Influencer marketing has fast become a major presence in ecommerce. Consider the following quick stats:
- 47% of people aged 13-34 say they’ve purchased something that an online celebrity has spoken about or recommended.
- 86% of Women Use Social Media for Purchasing Advice.
- 17% of companies spend over half their marketing budget on influencers.
- 92% of marketers use influencer marketing.
Regardless of how you feel about the rapidly emerging trend where brands collaborate with social media influencers to use, wear, or promote their products, the above numbers speak volumes. Marketing has always succeeded when it connects with people where they are, and where are most people today? You guessed it, social media.
On a recent episode of Own your Commerce, hosted by Bold Co-Founder Jay Myers, Cody Wittick joined us to talk influencer marketing. Wittick is the CEO and Co-Founder of influencer marketing agency Kynship and was happy to share some great advice on the right way to use influencer marketing as an acquisition channel for ecommerce.
If you’re interested in learning about influencer marketing or are thinking about this approach for your own brand or business we highly recommend checking out the full episode. If you’re too busy and still want to learn, we’ve compiled some key takeaways and audio clips below.
Give, don’t ask
It can be daunting to give free products away to influencers without asking anything in return, but Wittick has seen incredible value come out of this sort of transaction. Giving the right product, to the right person, at the right time can lead to huge names rallying around your brand.
Wittick has worked with some big names. While working with QALO, creators of the silicone wedding band, his influencer marketing efforts touched the likes of Dale Earnhardt. Jr. and Lebron James. So what’s the secret to getting influencers of this magnitude to represent a product? For Wittick it starts with just sending them the product.
No contracts, no strings attached, no asks, requests, or return on investment — according to Wittick, you just send them the product. It’s all about creating that genuine connection with an influencer where they don’t feel taken for granted or exploited and fall in love with the brand. Wittick said the reason he was able to work with Earnhardt’ Jr. for a couple years boiled down to the fact that he kept sending him products that Earnhardt liked, nothing else.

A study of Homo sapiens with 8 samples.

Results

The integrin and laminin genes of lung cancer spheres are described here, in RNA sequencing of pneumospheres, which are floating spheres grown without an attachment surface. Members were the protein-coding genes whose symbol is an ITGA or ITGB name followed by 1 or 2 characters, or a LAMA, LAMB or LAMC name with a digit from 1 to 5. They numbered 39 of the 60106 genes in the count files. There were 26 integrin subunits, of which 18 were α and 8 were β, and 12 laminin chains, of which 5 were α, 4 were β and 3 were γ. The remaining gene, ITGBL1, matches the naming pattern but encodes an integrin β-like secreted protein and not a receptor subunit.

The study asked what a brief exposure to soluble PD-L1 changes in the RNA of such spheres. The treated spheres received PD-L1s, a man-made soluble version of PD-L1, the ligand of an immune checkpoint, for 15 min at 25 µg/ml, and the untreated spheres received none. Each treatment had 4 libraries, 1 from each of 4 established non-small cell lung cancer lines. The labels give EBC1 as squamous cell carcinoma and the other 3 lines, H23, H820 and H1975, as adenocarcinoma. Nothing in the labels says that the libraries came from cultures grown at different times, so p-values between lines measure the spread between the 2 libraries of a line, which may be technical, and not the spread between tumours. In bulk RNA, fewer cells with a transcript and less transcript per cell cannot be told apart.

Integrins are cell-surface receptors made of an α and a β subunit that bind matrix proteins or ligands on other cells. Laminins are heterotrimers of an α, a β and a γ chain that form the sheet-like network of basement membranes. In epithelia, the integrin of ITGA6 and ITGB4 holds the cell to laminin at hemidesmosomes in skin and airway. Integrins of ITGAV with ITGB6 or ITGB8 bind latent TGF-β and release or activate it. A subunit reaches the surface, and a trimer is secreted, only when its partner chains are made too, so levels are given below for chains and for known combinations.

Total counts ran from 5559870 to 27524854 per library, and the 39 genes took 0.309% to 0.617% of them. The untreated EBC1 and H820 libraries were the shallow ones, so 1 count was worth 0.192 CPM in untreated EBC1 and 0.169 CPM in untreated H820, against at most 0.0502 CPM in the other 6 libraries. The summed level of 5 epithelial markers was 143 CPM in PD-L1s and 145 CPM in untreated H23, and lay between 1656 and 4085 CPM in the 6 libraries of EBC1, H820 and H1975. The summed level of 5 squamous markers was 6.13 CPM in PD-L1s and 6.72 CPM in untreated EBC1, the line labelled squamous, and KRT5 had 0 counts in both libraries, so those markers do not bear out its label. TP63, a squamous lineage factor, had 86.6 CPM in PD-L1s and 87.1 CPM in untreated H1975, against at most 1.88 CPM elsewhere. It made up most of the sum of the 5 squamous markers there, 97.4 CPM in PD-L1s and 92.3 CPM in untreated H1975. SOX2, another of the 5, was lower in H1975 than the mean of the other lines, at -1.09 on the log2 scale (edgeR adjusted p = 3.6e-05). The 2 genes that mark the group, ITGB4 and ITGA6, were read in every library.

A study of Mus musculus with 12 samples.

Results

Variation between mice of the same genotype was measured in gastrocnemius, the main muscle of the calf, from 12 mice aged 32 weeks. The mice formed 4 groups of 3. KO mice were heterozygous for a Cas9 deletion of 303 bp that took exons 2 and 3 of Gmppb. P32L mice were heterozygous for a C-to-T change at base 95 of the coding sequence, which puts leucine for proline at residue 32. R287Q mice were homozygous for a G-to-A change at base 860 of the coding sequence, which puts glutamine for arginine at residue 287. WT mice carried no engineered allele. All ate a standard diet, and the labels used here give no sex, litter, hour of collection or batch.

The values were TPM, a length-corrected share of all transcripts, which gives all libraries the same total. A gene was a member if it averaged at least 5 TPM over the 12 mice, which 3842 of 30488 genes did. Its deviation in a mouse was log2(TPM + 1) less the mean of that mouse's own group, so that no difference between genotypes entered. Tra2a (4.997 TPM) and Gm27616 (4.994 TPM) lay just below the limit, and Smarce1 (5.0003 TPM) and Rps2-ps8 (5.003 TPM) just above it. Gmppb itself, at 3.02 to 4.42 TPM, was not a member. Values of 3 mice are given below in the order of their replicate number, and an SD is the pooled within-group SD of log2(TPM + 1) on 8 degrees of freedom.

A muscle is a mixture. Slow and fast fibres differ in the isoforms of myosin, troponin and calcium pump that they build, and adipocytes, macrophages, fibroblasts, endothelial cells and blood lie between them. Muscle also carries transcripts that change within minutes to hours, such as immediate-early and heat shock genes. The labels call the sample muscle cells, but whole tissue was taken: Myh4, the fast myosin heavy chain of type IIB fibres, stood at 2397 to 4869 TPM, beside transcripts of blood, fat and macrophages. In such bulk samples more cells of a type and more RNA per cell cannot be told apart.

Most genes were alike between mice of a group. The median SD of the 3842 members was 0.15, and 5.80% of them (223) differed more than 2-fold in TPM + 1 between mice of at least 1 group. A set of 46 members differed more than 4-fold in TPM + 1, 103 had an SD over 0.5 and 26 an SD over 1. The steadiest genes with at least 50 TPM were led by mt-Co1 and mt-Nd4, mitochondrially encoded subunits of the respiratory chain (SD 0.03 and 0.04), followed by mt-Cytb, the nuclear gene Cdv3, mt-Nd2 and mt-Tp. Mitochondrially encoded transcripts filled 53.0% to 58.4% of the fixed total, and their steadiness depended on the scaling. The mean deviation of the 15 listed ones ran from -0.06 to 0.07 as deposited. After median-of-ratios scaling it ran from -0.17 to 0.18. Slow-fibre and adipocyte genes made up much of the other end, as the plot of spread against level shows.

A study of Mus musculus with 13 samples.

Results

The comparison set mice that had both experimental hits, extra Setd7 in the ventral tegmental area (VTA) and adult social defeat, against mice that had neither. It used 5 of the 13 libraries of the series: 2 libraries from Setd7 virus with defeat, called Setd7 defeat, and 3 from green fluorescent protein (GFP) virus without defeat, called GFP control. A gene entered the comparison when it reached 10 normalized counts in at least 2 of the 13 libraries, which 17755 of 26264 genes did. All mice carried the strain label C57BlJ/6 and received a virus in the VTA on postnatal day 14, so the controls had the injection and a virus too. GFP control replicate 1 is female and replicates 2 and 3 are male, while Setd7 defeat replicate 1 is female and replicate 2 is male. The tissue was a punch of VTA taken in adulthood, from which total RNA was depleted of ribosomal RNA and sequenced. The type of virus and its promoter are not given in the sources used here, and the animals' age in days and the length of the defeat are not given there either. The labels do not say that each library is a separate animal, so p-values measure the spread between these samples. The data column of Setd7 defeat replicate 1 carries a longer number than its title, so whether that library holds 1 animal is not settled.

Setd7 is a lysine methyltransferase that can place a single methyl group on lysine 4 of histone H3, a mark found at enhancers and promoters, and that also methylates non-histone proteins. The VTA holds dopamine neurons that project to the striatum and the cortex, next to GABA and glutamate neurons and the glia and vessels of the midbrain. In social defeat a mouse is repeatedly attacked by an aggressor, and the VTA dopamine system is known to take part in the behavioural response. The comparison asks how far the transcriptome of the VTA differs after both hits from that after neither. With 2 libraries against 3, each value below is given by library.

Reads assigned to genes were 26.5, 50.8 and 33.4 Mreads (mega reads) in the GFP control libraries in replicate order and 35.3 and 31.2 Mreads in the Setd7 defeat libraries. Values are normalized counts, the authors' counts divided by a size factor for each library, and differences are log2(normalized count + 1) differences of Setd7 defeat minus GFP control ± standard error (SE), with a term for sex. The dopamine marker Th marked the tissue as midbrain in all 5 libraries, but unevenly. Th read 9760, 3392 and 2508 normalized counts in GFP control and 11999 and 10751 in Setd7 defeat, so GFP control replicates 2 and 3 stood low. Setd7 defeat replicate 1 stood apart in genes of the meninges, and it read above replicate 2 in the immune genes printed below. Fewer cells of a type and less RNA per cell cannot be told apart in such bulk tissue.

Wittick said: “I can tell you that it would definitely be a higher fee if he didn’t already love the product. And he was telling his agent, basically saying, Hey, I want to work with these guys, I love the product. So there is some credibility, especially if you’re going to work at that macro level.”
Plant the seed
Wittick called this approach to influencer marketing seeding, which he made clear is not the same as gifting; the gifting approach tends to involve giving a gift in return for a certain amount of posts or some kind of contractual endorsement. Seeding is as simple as it sounds — sending the right products to the right influencers in hope that they will embrace the brand and post about it.
But don’t think for a second Wittick isn’t concerned with brands’ bottom line. Kynship’s motto is “We are judged on sales, not likes.” Even though the seeding approach may seem like a long game, Wittick said most of their clients still enjoy fairly strong short-term ROI. He estimated that around 30% of influencers end up posting the product for free without any ask. That means if Kynship sends 100 products to 100 influencers, brands can expect around 30 of them to post about their product.
Offer a better customer experience
Wittick went into some detail about the right way to go about seeding products to influencers. One key takeaway is this: “The more you can think about your influencer marketing alongside your customer experience the better.” The general rule is to think about the influencer’s experience of receiving the product the same way a brand would think about customer experience. Everything from the initial outreach message, the way the product is packaged and presented, the unboxing experience, following up outreach and emails, plays into winning over that influencer and making them love the brand. Keep in mind, most influencers are busy people who receive different products from influencer marketers all the time. How can you work to ensure yours cuts through the noise and stands out?
Listen to the full conversation
If you’re still reading and interested in learning more about strategic approaches to influencer marketing, download this episode for your listening convenience. Any brand looking to build opportunity from social capital will benefit from the insights Cody Wittick offers around influencer marketing for ecommerce, along with a list of helpful tools, resources and strategies you can access today. Enjoy!